Coronavirus Pandemic Changes Campus Life At St. Louis University
Deepali Manikonda’s temperature Monday morning was 98.6.
The St. Louis University freshman is one of more than 1,500 students whose new routine includes recording daily temperatures and self-monitoring for coronavirus symptoms. This year, SLU requires students to wear face masks while on campus.
SLU, which began classes on Monday, is one of the first colleges in the region to welcome students. Administrators planned for a hybrid class structure, mixing in-person and virtual classes to help keep the virus from spreading. Only one-fourth of classes at SLU are completely online.
Other schools that started Monday include McKendree University in Lebanon, Illinois; Missouri Baptist University and St. Charles Community College. Most St. Louis-area colleges plan to bring students back to campus next week.
Although students and administrators are trying to maintain a sense of normalcy, the pandemic has altered campus life, including the typical freshman experience.
Manikonda, who plans to study neuroscience, said the pandemic only added to her first-day jitters.
“Oh, there’s a lot of anxiety,” the Chicago native said. “Just like having to maintain a good GPA and having to go to office hours over Zoom, instead of in person.”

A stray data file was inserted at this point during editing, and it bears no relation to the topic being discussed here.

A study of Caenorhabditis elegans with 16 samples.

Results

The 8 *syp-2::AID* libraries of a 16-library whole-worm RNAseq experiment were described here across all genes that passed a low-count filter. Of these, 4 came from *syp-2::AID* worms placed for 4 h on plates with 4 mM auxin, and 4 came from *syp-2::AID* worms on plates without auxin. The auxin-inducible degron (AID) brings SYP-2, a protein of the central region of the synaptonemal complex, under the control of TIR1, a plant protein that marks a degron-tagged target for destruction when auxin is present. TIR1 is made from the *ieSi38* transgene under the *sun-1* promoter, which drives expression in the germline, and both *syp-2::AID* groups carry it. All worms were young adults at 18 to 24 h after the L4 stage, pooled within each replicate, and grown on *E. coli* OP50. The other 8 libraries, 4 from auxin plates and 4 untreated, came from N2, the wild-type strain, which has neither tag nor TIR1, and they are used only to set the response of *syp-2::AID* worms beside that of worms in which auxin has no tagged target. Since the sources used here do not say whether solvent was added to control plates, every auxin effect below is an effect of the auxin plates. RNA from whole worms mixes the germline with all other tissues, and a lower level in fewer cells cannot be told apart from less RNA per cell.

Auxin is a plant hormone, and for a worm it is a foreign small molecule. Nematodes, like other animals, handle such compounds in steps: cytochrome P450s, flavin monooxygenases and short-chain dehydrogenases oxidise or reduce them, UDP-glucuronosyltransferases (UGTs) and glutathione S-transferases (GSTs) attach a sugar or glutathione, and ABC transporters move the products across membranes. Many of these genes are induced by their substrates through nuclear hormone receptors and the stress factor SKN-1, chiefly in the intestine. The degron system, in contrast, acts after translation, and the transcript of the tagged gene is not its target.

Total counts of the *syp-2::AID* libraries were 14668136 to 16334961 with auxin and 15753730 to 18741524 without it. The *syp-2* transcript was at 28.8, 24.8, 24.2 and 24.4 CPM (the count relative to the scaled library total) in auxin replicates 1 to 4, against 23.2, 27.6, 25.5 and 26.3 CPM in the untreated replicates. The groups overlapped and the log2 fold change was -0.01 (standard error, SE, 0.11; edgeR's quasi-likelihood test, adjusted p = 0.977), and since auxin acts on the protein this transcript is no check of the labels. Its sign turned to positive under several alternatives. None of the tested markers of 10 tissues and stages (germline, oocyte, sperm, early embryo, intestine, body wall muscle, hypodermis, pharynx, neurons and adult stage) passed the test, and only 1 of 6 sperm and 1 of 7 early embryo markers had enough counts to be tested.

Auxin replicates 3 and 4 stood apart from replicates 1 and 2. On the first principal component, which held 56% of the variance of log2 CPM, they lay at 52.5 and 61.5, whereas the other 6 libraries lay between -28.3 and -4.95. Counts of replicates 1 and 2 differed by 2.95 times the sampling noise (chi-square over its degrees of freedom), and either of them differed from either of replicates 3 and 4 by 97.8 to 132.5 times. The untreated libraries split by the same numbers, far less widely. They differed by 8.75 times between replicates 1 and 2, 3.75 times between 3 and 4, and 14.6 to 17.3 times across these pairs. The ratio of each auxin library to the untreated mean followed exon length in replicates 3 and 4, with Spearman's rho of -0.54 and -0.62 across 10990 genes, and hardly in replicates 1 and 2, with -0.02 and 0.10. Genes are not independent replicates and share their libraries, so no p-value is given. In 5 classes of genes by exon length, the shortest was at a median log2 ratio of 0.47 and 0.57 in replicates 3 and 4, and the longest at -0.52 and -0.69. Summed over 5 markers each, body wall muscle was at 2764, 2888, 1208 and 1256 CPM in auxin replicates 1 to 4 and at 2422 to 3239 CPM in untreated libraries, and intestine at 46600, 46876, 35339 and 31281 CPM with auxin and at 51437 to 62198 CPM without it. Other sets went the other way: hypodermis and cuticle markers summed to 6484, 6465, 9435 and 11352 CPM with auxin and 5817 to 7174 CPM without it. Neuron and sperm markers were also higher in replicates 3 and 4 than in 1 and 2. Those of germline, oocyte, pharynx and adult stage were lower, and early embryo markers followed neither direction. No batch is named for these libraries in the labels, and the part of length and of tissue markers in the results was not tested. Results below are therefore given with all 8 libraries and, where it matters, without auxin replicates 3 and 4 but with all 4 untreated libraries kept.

SLU requires freshmen to move onto campus, but this semester students could request an exemption, which included coronavirus-related health concerns.
“This is almost like an experiment that we are watching unfold,” said Manikonda’s mother, Dolly Devara.
SLU tested all residential students before move-in last week. A university spokesperson did not confirm how many students tested positive, if any. Testing will be widely available throughout the semester for both residential and commuter students, university officials said.
SLU is one of the few universities in the St. Louis region that has the capacity to test its students for the coronavirus on campus. Other school administrators have said they do not have the capacity to test on campus and will have to rely on local health departments for testing.
Even with the precautions, Devara said she would have preferred for her daughter to stay home.
If Manikonda and her three roommates develop coronavirus-related symptoms, Devara said she is concerned they might not have the room to quarantine separately. SLU has established safeguards that include 150 beds for isolation housing.
Devara said she plans to call her daughter every day to check on her health, just not during class.
Most of Manikonda’s classes are in person, including a chemistry lecture with over 100 socially distanced students.
In a July survey, a majority of SLU students said they wanted to return to in-person classes, Interim Provost Michael Lewis said. During the past three months, Lewis said university staff developed policies to deliver a socially distanced education.
Since SLU’s freshman orientation was online, Ben Sloan chose in-person classes to meet more people, despite social distancing hurdles.
“Whenever people are spaced out, it’s harder to connect with people, and that to me has been the hardest thing,” said Sloan, of Indiana. “Just 'cause you’re not seeing them face to face. It’s almost like everyone has to stay in their own little bubble.”
Sloan and Manikonda say they will adjust to the new normal over time.
Most St. Louis-area universities plan to start in-person and virtual classes next week. This includes Washington University, Harris-Stowe State University and Southern Illinois University-Edwardsville.